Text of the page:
Megastar Beyonce and former US vice president Joe Biden found themselves on opposite sides of a heated debate over personal space Monday, sending social media into fits over how close is too close.
The debate concerns less sexual assault than the concept of the "personal bubble" -- a sense of necessary physical distance particularly valued in America -- set against the backdrop of the #MeToo movement.
Separate incidents saw the unlikely duo find itself the subject of water cooler talk after Beyonce, 37, was crowned "Artist of the Year" late Saturday at the NAACP Image Awards, a celebration of achievements in the African American community.
But it was a seemingly misplaced kiss that got her fans riled up, after a clip of Omari Hardwick, 45, saw the actor kiss her twice on the cheek, once dangerously close to her lips.
Beyonce hasn't commented on the incident but appeared visibly uncomfortable as the encounter played out on camera, with her husband Jay-Z standing nearby.
Her fans were quick to react, with many Twitter users lambasting Hardwick for breezing past personal boundaries.
As that drama played out, a similar one saw Biden -- a longtime Democratic party stalwart -- accused of kissing the back of Nevada state lawmaker Lucy Flores's head in 2014 and making her feel "uneasy, cross, and confused."
Biden, 76, has repeatedly dismissed allegations of inappropriate behavior -- but the controversy has seen a number of other photos surface that show the politician getting "touchy-feely," potentially nipping his potential White House bid in the bud.
In one 2015 picture, he is seen holding the shoulders of the wife of then defense minister Ash Carter, seemingly whispering in her ear.
Stephanie Carter quickly refuted any notion that Biden's actions were intrusive -- but the debate was already simmering.
"I felt invaded. I felt there was a violation of my personal space," Flores said. "It's been dismissed as if it's just Biden being Biden. Boys will be boys. No big deal.
"It is a big deal."
'Very powerful communicator'
The concept of a "body buffer zone" -- the area surrounding a person that, when invaded, triggers discomfort -- is not unique to the United States but highly valued here.
The late anthropologist Edward Hall in 1963 coined the term "proxemics" to explain the concept of necessary physical distance.
According to Hall, the "intimate distance" spans approximately 18 inches (46 centimeters) out from a person's body, which is followed by a personal distance for interactions with other close friends and family, social distance for acquaintances and a public distance for speaking events.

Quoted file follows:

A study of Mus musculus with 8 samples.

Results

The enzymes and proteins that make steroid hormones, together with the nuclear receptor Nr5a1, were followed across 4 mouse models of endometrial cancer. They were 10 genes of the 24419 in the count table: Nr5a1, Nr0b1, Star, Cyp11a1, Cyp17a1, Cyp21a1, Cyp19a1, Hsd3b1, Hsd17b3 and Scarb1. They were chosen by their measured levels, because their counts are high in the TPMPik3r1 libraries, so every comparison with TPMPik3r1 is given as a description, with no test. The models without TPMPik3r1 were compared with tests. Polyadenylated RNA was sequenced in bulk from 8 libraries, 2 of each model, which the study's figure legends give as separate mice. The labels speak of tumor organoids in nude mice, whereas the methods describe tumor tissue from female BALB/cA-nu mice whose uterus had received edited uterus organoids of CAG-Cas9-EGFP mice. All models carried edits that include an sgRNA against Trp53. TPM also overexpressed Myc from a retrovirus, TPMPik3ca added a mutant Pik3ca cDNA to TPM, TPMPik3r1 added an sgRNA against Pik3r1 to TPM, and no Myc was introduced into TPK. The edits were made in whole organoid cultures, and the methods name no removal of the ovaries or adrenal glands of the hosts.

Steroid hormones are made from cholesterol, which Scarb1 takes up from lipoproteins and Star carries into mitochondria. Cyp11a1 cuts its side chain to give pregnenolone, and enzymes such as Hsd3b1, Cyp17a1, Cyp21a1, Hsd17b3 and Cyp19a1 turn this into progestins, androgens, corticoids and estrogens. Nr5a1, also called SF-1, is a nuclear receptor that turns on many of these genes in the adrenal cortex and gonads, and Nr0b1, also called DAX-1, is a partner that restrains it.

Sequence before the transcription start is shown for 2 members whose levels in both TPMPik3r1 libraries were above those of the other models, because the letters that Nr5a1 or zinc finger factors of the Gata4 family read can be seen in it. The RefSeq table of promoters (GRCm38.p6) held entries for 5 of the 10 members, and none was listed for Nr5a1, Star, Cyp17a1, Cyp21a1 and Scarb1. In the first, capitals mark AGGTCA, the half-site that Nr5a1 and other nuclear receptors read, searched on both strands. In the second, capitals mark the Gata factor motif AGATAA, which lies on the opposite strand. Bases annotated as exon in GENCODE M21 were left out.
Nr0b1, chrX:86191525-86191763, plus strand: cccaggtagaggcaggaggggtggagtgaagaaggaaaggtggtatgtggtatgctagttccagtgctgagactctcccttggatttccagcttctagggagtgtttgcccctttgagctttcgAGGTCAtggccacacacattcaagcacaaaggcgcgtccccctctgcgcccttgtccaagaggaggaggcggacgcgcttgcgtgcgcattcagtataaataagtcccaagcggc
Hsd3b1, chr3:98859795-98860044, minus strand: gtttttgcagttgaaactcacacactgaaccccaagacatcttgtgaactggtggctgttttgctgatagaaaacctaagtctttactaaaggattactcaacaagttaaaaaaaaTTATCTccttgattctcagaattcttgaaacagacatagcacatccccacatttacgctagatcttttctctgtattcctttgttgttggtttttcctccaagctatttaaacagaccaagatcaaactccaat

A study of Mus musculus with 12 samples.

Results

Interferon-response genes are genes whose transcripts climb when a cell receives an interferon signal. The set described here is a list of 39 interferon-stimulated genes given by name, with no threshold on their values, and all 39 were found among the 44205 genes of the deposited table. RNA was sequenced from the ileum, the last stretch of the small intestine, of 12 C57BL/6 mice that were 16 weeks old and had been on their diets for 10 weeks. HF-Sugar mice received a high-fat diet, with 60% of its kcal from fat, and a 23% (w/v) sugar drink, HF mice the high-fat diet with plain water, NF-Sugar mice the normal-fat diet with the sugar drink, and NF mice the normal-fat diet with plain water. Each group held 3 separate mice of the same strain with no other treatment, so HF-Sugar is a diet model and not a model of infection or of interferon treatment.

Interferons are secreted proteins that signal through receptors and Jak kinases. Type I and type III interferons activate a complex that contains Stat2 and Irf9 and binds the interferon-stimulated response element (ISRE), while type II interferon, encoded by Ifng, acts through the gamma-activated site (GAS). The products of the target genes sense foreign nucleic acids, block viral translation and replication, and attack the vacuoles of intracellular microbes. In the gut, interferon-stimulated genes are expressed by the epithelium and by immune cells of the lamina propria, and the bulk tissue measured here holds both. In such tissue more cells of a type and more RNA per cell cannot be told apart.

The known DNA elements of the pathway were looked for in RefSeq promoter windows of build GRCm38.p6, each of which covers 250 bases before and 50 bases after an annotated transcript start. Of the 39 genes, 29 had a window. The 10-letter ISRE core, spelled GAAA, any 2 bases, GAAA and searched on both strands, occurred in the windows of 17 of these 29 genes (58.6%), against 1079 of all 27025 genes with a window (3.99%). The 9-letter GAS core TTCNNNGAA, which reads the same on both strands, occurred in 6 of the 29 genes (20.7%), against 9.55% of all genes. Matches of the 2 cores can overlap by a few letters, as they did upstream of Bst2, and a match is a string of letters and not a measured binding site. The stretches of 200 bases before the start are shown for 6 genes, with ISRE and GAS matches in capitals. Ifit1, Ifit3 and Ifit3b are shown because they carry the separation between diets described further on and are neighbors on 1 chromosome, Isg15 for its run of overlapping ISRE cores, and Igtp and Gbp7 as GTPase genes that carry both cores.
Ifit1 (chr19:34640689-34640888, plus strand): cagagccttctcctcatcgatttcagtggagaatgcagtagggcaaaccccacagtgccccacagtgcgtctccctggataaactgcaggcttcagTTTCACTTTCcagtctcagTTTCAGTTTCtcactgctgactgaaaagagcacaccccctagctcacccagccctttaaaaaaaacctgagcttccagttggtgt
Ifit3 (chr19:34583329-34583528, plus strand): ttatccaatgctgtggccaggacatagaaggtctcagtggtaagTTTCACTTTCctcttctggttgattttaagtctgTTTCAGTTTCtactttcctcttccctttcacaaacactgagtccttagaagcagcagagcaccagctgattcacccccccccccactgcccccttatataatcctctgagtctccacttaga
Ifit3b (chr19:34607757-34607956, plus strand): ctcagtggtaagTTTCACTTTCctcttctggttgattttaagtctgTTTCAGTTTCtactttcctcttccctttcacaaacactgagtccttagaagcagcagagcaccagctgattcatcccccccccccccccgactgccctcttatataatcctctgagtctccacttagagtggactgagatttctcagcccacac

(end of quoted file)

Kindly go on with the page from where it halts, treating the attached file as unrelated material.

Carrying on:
According to Princeton researcher Michael Graziano, the zone is "more robust" around the head -- on a crowded subway car, for example, "we'll tolerate people pressed up against our shoulders, but not against our faces."
Audrey Nelson, a Colorado-based communications and gender expert, told AFP the concept of personal space is "highly culturally variable" and in the US, a "very powerful communicator."
"Joe Biden -- he was absolutely in the taboo zone," she said, referring to his interaction with Flores. "To get that close and then touch anything -- your hair, massaging the shoulder -- good God. It's very inappropriate."
"This behavior is reserved for intimates," she continued. "I don't care if he is vice president, it's inappropriate."
In terms of Beyonce, Nelson said women are less likely than men to command their own personal bubble.
"This ventures into blaming the victim," Nelson said. "Just because a woman is petite, has a soft voice, doesn't command a lot of space, doesn't mean you can invade it."
Beyonce, she noted, is "powerful, she's a strong woman" and actions like Hardwick's can be a means to "equalize the power."
In a similar incident, the officiating pastor at Aretha Franklin's funeral last year was accused of groping pop royalty Ariana Grande, after he wrapped his hand around her waist onstage in a move many cast as far too familiar.
For Graziano, some cultures dictate that when it comes to touching, people should "just accept it and not complain too much."
"In other cultures, you're allowed to be more outspoken and reactive."
American women in recent years have launched efforts to reclaim their personal space. The New York metro system, for example, ran a campaign to end "manspreading," or spreading thighs wider than the seat while sitting.
It's an effort ushered along by #MeToo, Nelson said, saying "personal space has always been there. What's changed is our awareness level."
"Some men think they can take liberties," she said, saying the #MeToo movement has said "no more."
"It just comes down to basic respect."